A DOCTOR IN SPITE OF HIMSELF
Rally Theatre Company
Funny how hard it is to be funny. One comic actor can convulse an audience with mugging, pratfalls, slow burns, double takes, and throwaway wisecracks–while another can do exactly the same shtick and look as stiff as a corpse. He’s unfunny, and he may never be anything else. Some things you can’t teach, and comedy tops the list. More than just mastering droll business and stopwatch timing, it takes guts–the guts to take risks, to escape your own protective ego.
For comic actors too much confidence or stage presence can be a liability. You need a hungry edge. The proverbial class clown survives by confusing or surprising people about himself; far from intending to give up the game, he wants to make a career of it.
All of which is why, despite its pell-mell tone and few lapses of energy, the Rally Theatre’s production of Moliere’s farce A Doctor in Spite of Himself is so short on hilarity.
The story of Sganarelle, a boastful woodcutter forced to impersonate a physician, is full of what would seem to be knockabout, actor-proof buffoonery. Sganarelle’s resentful wife “reveals” that her husband is a famous doctor who can cure anything–but who won’t practice medicine unless he’s beaten. Moliere’s targets of course are the real frauds–self- inflated and incompetent doctors–and the satire is pretty timeless. (“Mistakes are never your fault; it’s always the fault of your patient for dying,” explains Sganarelle.)
Moliere relies on a favorite formula–selfish father tries to prevent wily daughter from marrying resourceful lover who pursues her in disguise; he even throws in a saucy wet nurse with whom horny Sganarelle gets to play doctor. The Rally staging employs a serviceable new translation by Mark Fearnow, while director Martin Kappel, former head of Indianapolis’s Midsummer Mime Theatre, may well be, as the press kit says, expert in the grand burlesque of commedia dell’arte.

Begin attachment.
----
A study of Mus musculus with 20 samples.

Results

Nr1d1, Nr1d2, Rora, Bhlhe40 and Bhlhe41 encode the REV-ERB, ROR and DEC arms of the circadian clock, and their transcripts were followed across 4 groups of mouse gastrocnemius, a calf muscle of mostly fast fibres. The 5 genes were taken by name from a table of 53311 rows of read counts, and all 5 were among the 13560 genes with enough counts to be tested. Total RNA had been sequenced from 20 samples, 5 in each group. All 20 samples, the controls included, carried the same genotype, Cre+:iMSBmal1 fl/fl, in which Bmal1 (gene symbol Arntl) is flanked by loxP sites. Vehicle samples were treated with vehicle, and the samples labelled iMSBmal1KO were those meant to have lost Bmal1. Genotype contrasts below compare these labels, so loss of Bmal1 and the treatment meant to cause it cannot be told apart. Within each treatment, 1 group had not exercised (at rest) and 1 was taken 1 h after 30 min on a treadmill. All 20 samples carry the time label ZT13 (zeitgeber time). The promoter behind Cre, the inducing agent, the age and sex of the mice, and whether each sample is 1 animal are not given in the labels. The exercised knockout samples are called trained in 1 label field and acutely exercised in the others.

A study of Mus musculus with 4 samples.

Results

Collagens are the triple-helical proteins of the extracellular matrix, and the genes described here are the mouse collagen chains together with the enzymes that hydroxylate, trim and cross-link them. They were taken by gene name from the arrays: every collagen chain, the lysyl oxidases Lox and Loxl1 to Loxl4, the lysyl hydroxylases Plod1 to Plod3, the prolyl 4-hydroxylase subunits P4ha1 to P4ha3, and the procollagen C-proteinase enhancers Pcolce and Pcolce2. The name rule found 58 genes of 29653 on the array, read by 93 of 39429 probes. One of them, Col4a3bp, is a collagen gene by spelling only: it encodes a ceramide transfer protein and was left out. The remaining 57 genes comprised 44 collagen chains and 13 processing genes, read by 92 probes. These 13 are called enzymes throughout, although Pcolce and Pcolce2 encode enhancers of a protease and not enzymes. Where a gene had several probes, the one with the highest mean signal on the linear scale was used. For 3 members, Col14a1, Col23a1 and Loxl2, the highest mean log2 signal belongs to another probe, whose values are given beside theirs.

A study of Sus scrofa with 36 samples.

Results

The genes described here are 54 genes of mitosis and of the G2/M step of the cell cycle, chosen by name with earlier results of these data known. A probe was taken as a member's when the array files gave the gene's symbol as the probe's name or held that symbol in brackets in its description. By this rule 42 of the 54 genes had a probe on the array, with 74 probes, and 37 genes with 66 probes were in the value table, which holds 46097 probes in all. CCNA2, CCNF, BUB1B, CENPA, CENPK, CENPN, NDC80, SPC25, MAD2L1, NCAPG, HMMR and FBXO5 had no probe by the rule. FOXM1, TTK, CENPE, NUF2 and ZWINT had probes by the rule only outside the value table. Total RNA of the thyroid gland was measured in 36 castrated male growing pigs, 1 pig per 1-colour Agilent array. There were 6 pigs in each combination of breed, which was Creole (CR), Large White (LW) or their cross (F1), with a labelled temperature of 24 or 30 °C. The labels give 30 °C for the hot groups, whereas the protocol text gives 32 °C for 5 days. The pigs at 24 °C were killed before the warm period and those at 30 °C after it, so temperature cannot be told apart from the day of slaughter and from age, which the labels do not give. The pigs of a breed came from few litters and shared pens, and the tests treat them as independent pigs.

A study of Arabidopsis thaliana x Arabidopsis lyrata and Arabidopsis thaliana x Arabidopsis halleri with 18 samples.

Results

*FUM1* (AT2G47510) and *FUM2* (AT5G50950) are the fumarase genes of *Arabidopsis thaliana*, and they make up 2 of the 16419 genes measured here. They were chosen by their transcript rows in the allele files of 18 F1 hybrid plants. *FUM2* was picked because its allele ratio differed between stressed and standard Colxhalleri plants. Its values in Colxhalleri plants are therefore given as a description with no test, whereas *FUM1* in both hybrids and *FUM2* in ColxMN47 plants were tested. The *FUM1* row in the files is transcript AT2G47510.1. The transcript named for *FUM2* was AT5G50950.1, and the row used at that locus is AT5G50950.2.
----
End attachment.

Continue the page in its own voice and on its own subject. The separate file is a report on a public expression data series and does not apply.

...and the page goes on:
But where it matters with Moliere, in the clowning, we only get the surface. It’s always a big mistake to blow slapstick up to be larger than life; even at its most frenetic, it works best when it’s life-size. Exaggeration, which is always external, produces dutiful clowning that ignores the motivation that makes characters so hilarious in their defects. Combined with a real lack of flair for verbal humor, this kind of uncritical comedy is demonstrably dead on arrival.
Thom Van Ermen’s Sganarelle illustrates the shortfall. An attractive young player, Van Ermen seems far too assured to convey this hungry trickster’s devious panic. Sganarelle’s rage at being pummeled into playing a physician quickly changes to a delicious delight in fooling folks with his phony Latin mumbo-jumbo and nonsense diagnoses. But Van Ermen never lets us glimpse the real Sganarelle playing the impostor. He’s having too good a time aping the part to work at it; his overreactions make you realize how much of Sganarelle is being held back. (Van Ermen should note that Chevy Chase’s hip smugness robs nearly everything he does of surprise or character.)
Empty externalization besets other roles, though Diana Simonzadeh’s portrayal of Sganarelle’s shrewish wife approaches the comical. Scott Cooper plays a jealous husband as a slack-jawed Gomer Pyle, but he too lets the appearance, in this case the accent, do the acting.
The Rally company has certainly achieved the right look, from the preshow warm-up in the lobby (here converted into a marketplace) to the all-purpose stairs and multiple doors that farce thrives on. But the clowning, too tentative to be hilarious, proves that technique is not enough. This froth plays it too safe to hit the anarchy of farce.